William Ackman has ended his five-year crusade against Herbalife Ltd. (NYSE: HLF), bringing one of Wall Street’s longest-running, most expensive fights to a conclusion. Sources familiar with the matter said the activist investor has largely exited his $1 billion bet against the nutritional products company. Ackman’s Pershing Square Capital Management LP likely lost hundreds of millions in the bruising defeat.
Ackman is one of Wall Street’s most outspoken hedge fund managers. He famously called Herbalife an illegal pyramid scheme and predicted the company would be shut down by the government. He once boasted that Herbalife’s stock was going to zero. Herbalife, which sells through a network of distributors, says it is a legal multi-level-marketing organization, not a pyramid scheme.
Herbalife, in turn, accused Ackman of market manipulation, which the investor denied. Herbalife also built its own website to showcase negative stories about Ackman. In 2013, a live CNBC broadcast involving Ackman and activist investor Carl Icahn, who happens to be Herbalife’s biggest investor, devolved into a shouting match.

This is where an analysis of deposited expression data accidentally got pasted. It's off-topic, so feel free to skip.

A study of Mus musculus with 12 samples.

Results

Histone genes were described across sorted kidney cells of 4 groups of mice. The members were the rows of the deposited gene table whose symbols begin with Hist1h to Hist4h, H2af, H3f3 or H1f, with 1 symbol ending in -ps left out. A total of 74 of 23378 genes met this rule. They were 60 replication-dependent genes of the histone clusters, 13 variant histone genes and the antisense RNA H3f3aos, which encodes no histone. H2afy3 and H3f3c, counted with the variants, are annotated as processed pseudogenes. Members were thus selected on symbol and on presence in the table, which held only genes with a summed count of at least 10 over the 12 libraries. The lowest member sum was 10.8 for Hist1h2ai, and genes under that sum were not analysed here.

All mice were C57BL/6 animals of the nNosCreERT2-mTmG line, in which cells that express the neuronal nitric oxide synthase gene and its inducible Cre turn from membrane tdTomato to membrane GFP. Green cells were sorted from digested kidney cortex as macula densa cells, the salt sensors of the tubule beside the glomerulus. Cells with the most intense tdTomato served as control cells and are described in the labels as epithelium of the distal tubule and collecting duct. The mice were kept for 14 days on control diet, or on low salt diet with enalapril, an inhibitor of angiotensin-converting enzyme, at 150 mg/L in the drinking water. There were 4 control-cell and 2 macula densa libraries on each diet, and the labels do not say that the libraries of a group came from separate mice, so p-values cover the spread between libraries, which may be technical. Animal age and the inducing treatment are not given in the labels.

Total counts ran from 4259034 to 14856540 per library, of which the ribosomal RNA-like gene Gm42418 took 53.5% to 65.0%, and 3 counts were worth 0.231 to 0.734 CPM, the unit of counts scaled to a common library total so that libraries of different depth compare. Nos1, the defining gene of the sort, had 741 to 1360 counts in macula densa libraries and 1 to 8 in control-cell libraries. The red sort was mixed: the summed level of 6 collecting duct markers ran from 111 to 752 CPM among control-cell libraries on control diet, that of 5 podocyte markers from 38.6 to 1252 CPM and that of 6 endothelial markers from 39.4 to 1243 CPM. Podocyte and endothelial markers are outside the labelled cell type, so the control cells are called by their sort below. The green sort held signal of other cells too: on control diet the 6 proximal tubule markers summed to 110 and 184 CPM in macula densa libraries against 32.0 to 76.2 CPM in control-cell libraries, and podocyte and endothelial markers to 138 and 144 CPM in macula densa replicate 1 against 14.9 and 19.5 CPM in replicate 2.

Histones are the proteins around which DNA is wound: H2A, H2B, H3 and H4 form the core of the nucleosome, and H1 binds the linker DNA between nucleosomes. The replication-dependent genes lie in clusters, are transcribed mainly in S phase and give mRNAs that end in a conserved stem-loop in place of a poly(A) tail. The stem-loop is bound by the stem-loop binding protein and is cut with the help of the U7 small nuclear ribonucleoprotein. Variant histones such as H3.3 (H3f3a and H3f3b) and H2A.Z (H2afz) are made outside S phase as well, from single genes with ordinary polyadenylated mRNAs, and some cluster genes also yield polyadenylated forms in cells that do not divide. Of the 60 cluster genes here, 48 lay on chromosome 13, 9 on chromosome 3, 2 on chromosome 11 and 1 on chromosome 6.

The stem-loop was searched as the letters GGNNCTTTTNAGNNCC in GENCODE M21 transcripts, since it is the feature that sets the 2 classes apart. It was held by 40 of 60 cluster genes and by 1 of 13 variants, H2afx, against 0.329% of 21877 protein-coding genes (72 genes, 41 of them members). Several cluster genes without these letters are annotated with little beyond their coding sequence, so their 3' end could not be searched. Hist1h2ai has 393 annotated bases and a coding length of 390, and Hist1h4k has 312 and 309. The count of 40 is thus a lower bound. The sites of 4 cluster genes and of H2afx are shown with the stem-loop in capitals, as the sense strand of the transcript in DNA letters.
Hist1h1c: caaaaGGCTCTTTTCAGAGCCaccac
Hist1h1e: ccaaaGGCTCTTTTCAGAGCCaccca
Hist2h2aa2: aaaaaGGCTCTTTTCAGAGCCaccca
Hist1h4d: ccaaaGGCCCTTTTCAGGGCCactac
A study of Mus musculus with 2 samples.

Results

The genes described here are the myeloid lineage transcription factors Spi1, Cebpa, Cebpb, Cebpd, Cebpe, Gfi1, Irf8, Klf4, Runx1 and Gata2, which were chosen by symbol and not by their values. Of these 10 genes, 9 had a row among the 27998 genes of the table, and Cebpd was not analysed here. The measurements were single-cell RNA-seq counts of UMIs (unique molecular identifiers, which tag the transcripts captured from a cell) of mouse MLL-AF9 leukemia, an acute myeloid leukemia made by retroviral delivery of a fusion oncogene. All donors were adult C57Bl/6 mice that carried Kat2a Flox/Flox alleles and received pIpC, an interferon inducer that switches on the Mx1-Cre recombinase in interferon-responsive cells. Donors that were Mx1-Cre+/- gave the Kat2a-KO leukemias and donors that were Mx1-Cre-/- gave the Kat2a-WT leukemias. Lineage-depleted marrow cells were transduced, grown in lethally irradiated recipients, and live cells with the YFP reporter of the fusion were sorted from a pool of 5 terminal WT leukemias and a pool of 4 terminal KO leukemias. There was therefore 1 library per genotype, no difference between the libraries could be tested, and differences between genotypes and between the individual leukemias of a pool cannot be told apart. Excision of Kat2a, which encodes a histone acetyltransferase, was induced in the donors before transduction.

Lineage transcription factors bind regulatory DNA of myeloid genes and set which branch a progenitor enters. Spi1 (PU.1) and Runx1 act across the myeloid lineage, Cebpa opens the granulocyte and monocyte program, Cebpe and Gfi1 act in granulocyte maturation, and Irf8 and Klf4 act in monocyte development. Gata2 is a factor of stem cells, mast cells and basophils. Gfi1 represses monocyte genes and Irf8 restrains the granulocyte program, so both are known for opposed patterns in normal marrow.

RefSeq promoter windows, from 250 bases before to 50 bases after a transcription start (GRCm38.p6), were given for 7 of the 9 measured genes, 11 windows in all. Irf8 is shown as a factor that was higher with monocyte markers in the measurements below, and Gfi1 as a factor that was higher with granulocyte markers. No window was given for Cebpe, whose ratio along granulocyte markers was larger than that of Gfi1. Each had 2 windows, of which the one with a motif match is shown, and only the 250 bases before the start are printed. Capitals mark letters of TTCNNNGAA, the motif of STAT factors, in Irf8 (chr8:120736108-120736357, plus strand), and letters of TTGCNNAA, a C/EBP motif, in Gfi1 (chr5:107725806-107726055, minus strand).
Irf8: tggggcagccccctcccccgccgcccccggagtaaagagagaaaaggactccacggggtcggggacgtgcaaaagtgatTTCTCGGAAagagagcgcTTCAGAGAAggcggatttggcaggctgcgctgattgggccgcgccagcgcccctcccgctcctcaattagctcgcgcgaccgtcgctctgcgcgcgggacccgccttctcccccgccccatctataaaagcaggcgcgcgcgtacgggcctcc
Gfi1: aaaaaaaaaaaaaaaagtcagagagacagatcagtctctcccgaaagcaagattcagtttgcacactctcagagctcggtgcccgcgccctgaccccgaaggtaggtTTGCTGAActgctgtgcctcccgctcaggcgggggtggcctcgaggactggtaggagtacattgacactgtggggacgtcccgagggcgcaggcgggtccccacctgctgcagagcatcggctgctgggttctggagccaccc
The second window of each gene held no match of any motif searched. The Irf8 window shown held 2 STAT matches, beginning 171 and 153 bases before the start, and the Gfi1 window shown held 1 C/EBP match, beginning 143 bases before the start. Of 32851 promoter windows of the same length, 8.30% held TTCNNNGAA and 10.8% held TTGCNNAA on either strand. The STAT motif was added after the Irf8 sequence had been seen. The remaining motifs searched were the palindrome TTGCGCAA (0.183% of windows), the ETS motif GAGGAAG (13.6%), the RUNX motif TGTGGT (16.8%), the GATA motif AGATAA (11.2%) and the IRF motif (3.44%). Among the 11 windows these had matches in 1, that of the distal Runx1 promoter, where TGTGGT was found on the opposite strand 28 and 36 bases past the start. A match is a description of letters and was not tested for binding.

The enforcement action was not the death knell Ackman had hoped for. The government didn’t declare the company a pyramid scheme and allowed Herbalife to continue operating. After reaching the settlement with government regulators, Herbalife claimed its problems were over and began buying back shares heavily. Those buybacks led Ackman to restructure his bet last year.
Pershing Square first shorted Herbalife at around $47. A short is a bet that a stock will decrease in value, but can leave an investor exposed to heavy losses if a stock rises sharply. Ackman needed the stock to fall closer to the $30 range to make a profit. Herbalife stock hit high of nearly $96 last week. Icahn now owns 26 percent of Herbalife and has made over $1 billion on the shares, according to financial filings.